Still Can’t Get It Right

Nov 14, 2005 by

The New York Times

November 14, 2005

Stonewalling the Katrina Victims

Public outrage is clearly growing over the federal government’s woefully inadequate program for housing the hundreds of thousands of people displaced by Hurricane Katrina. Last week a group of survivors filed the first of what are likely to be several lawsuits alleging that the Federal Emergency Management Agency has failed to live up to its responsibilities. The recovery effort has been subject to blistering criticism from conservative, nonpartisan and liberal groups alike.

The same basic question is this: Why did the Bush administration focus on trailer parks built by FEMA – which is actually not a housing agency – instead of giving the lead role to the Department of Housing and Urban Development, which has so much experience on this issue?

Many, including the Brookings Institution and the conservative Heritage Foundation, urged the administration to switch on HUD’s famously successful Section 8 program, which gives families government vouchers to find decent housing in the private real estate market. That program worked well after the 1994 Northridge earthquake in California. But the White House – which seems less interested in conservative philosophy about how to make government programs work than with simply cutting the amount of money that gets spent on poor people – has been working feverishly to cripple HUD and destroy the Section 8 voucher program for years.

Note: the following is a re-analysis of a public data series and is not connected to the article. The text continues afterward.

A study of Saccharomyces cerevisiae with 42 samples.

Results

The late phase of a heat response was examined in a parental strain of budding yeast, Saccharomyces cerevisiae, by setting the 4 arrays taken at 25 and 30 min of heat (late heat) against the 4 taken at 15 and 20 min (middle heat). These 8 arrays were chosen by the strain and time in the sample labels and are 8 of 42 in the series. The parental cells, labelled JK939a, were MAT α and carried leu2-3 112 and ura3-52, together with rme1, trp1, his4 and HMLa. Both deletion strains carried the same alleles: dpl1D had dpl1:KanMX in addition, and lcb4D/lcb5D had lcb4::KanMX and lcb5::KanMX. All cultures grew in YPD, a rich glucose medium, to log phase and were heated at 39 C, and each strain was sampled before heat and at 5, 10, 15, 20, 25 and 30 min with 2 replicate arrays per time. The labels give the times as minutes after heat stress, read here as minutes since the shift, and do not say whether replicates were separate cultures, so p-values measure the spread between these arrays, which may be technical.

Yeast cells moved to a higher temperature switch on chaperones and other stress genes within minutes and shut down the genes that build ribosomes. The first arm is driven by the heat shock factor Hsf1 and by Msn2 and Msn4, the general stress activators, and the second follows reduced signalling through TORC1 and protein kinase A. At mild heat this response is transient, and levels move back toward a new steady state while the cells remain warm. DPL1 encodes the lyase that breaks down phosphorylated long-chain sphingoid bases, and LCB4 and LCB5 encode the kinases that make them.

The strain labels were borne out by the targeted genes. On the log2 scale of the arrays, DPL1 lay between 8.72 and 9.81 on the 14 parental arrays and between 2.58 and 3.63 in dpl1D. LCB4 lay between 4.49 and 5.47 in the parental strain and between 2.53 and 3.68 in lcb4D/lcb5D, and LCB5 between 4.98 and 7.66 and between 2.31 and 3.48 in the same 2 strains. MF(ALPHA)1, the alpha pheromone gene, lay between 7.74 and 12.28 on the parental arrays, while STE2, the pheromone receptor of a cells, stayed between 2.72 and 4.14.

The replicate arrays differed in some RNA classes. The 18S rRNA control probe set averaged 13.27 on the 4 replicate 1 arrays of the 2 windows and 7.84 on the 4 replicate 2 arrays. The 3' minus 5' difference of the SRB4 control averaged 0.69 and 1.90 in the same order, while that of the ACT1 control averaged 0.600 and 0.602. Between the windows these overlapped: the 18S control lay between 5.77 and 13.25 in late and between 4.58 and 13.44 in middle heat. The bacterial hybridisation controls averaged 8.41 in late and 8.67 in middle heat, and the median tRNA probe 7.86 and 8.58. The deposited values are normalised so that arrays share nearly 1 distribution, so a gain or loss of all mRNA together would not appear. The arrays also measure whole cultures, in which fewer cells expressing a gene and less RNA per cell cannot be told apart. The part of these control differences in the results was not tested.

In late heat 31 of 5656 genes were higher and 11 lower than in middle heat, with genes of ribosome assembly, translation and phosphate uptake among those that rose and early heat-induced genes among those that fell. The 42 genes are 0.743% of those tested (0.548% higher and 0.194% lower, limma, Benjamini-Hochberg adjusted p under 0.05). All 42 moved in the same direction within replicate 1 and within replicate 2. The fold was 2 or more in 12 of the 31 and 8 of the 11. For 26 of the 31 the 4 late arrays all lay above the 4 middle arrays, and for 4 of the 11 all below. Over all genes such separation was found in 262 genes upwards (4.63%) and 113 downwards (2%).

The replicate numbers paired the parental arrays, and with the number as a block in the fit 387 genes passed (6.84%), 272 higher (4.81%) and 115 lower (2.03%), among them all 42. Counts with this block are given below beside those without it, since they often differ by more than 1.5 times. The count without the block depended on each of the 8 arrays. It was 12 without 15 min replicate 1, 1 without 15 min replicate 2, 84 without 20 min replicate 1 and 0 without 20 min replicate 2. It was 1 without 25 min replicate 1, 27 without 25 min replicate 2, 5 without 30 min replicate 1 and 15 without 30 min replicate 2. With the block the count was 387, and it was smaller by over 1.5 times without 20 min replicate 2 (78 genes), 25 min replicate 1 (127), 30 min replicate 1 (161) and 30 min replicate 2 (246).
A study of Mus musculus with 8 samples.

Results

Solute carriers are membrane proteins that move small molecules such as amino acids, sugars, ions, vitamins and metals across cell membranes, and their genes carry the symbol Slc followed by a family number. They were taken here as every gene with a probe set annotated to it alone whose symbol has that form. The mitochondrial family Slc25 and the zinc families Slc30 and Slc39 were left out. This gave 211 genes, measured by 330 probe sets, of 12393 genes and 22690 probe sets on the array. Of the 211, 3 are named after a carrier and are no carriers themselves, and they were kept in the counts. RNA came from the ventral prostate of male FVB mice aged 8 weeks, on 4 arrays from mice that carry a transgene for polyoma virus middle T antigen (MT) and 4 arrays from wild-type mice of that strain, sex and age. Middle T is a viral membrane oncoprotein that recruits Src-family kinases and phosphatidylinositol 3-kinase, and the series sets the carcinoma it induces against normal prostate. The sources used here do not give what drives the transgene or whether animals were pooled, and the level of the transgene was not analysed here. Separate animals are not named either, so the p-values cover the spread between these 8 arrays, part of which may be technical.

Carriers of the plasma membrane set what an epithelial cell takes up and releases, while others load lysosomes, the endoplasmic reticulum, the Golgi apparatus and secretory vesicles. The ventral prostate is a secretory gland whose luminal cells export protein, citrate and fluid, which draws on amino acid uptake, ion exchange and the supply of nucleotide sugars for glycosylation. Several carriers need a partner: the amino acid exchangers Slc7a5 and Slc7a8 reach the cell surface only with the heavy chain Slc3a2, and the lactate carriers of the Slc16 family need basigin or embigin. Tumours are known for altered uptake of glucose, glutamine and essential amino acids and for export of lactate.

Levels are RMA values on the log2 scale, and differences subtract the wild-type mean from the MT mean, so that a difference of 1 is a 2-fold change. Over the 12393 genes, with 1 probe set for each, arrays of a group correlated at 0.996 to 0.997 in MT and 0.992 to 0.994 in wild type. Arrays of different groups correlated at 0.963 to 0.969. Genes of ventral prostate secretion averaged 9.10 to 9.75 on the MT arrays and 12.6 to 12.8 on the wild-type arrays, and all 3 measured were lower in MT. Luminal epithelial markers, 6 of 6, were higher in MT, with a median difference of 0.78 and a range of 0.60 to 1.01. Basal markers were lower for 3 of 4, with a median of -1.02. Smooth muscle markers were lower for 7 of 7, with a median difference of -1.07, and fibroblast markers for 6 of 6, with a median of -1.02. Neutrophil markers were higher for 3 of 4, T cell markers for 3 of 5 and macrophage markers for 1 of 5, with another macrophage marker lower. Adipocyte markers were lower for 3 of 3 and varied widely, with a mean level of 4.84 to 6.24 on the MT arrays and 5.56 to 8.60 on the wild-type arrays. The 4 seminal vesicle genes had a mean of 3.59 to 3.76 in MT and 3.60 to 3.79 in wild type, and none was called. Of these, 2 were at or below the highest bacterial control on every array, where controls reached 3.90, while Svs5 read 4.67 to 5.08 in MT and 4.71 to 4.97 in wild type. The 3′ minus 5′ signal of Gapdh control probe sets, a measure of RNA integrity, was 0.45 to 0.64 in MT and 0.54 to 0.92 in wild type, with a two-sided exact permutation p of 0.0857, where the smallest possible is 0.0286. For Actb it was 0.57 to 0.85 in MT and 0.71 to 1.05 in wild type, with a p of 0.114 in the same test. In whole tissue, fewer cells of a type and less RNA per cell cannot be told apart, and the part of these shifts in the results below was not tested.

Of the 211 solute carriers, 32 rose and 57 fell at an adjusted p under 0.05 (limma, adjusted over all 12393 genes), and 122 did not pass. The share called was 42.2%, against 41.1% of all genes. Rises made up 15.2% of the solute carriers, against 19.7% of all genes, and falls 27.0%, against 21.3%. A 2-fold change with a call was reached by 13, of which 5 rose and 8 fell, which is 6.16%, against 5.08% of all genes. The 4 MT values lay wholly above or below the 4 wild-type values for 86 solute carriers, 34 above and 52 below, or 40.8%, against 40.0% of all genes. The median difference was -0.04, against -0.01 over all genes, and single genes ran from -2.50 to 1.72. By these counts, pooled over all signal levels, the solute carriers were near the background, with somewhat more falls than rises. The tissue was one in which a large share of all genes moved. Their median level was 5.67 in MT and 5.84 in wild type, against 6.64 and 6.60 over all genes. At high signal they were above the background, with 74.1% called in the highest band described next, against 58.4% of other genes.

So the administration rigged up a hastily thought out program that is less flexible and less helpful than Section 8 – and confusing in the bargain. Still focused on tax cuts for the wealthy, the administration is apparently hoping that people who need housing will be frustrated by the difficult process of applying for federal relief dollars and simply give up and go away.